Worthing harpist launches new CD at Festival of Chichester

Worthing-based harpist Alexander Rider launches his new CD Fresque Marine at a special concert for this year’s Festival of Chichester on Sunday, June 12 at 3pm in Pallant House Gallery.
Alexander Rider photo by Kate BenjaminAlexander Rider photo by Kate Benjamin
Alexander Rider photo by Kate Benjamin

The full title is Fresque Marine – Forgotten Jewels for Harp Volume 1; in his concert Alexander will present a selection of French repertoire, played on a 1902 Erard harp.

Alexander, who did A levels at Chichester College and grew up in Littlehampton/Rustington, said: “It is my debut CD in as much it is all me. I've done commercial recordings for a number of other projects but this one really is born out of a labour of love.


"I found these pieces that had either not been printed or we're not really being played, and unfortunately a lot of them just hadn't been recorded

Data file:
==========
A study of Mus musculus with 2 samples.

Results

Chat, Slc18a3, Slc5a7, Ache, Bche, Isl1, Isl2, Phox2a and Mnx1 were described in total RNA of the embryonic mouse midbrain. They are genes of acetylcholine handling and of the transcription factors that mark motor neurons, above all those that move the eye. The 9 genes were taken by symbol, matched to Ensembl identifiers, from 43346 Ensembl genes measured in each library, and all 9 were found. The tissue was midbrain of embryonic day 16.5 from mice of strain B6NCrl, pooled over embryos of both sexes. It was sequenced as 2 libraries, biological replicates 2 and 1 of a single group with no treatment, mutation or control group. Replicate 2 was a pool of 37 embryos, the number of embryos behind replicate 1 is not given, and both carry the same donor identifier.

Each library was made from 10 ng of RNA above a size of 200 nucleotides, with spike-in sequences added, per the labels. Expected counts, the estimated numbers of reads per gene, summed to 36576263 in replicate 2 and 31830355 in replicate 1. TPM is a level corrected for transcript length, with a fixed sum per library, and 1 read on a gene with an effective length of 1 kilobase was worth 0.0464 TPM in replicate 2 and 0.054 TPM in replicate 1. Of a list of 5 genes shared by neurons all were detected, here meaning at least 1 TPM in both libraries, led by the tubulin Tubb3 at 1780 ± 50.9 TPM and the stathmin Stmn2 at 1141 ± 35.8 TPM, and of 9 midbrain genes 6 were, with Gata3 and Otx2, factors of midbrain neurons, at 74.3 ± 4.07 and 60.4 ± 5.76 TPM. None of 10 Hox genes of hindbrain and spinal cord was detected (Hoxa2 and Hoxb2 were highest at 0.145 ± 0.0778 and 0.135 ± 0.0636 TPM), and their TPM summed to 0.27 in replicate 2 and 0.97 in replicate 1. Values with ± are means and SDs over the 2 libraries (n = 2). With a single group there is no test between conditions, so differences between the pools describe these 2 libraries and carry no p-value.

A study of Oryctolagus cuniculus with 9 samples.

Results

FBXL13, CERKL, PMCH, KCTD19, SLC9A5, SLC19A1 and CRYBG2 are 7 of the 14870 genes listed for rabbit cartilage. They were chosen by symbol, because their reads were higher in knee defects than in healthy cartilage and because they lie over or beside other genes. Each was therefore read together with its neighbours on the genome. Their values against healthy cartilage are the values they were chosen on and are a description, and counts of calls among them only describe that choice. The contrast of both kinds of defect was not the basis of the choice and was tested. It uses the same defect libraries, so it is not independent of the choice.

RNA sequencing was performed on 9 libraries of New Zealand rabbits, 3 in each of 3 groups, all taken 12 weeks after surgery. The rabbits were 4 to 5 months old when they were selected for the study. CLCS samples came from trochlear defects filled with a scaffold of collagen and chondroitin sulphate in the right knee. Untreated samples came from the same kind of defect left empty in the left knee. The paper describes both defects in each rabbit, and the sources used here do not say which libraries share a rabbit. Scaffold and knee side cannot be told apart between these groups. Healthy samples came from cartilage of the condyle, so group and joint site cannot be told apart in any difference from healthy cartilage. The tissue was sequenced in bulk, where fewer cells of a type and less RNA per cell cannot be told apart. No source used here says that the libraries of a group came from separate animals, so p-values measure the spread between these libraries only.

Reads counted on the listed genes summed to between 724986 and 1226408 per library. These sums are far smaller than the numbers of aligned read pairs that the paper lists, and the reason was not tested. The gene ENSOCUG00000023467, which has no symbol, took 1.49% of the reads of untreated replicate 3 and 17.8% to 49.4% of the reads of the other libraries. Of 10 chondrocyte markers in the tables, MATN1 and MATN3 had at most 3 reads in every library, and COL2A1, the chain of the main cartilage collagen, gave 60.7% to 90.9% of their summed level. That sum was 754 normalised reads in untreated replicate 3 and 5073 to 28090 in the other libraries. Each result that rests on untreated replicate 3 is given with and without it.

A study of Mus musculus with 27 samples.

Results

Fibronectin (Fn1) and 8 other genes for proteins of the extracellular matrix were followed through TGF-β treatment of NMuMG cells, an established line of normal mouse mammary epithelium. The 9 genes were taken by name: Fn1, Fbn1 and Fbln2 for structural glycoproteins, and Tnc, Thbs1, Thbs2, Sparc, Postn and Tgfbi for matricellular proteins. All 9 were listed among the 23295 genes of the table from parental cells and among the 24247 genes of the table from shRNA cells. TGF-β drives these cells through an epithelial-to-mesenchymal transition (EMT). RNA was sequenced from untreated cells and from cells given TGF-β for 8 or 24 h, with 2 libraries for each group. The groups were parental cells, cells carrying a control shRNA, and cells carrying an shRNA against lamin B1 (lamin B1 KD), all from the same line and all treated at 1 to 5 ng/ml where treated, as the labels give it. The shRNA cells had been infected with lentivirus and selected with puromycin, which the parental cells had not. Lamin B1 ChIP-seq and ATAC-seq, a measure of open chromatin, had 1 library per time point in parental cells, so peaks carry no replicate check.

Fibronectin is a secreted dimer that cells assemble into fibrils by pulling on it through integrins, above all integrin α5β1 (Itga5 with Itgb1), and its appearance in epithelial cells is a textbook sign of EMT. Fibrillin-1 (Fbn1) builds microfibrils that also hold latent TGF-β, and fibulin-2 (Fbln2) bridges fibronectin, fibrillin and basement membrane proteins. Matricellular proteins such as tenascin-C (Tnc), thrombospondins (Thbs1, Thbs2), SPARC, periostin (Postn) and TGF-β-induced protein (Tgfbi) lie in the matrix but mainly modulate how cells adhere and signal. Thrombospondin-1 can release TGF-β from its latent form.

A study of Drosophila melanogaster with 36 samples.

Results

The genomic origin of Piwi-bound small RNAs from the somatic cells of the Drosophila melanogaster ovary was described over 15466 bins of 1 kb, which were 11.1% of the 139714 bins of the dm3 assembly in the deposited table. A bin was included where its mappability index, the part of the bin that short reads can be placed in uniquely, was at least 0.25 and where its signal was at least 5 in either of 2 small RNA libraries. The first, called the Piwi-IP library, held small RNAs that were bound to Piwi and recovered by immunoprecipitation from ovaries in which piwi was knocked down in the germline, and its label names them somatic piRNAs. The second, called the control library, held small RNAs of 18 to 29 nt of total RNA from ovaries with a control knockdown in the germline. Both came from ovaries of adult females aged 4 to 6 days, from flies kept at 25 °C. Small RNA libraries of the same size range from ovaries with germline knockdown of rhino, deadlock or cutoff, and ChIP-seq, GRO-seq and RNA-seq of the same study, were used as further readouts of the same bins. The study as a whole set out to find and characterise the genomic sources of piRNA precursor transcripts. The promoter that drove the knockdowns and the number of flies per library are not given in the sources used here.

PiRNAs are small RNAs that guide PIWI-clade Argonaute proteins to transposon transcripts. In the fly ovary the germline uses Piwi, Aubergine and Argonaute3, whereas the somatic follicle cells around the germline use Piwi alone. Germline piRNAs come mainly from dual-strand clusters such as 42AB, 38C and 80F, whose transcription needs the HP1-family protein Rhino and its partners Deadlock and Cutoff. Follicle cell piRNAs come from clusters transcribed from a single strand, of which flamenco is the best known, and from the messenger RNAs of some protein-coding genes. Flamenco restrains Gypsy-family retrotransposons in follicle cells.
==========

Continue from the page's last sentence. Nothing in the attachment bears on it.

“And I realised these pieces were not languishing because they weren’t good. They were languishing because they weren’t being performed.”

As ever, it's difficult to know why some things survive and others don't: “But with the advent of World War One, trends around music playing changed so much.


“After World War One anything that was attached to that time probably started to seem a bit trivial and parochial and I think they were trying to get away from the delicacy and intimacy of that kind of music on the harp. Harp music was starting to develop in a more contemporary way. So I think it was a bit of a case of throwing the baby out with the bath water.

"There was a bit of a feeling that ‘We must be playing bigger pieces on bigger stronger harps.’ Harps certainly changed and I think this music was just lumped in and left behind and has been unjustly neglected.”

And it is time to rediscover it: “You read a lot about trends in classical music where everything seems to have to be a novelty though I'm not putting anyone down.


“I just think it is really a refreshing change for the senses to go back to this music now.

"After World War One the harp just got bigger and bigger and was having to compete with bigger orchestras, but this music goes back to something really different and special.”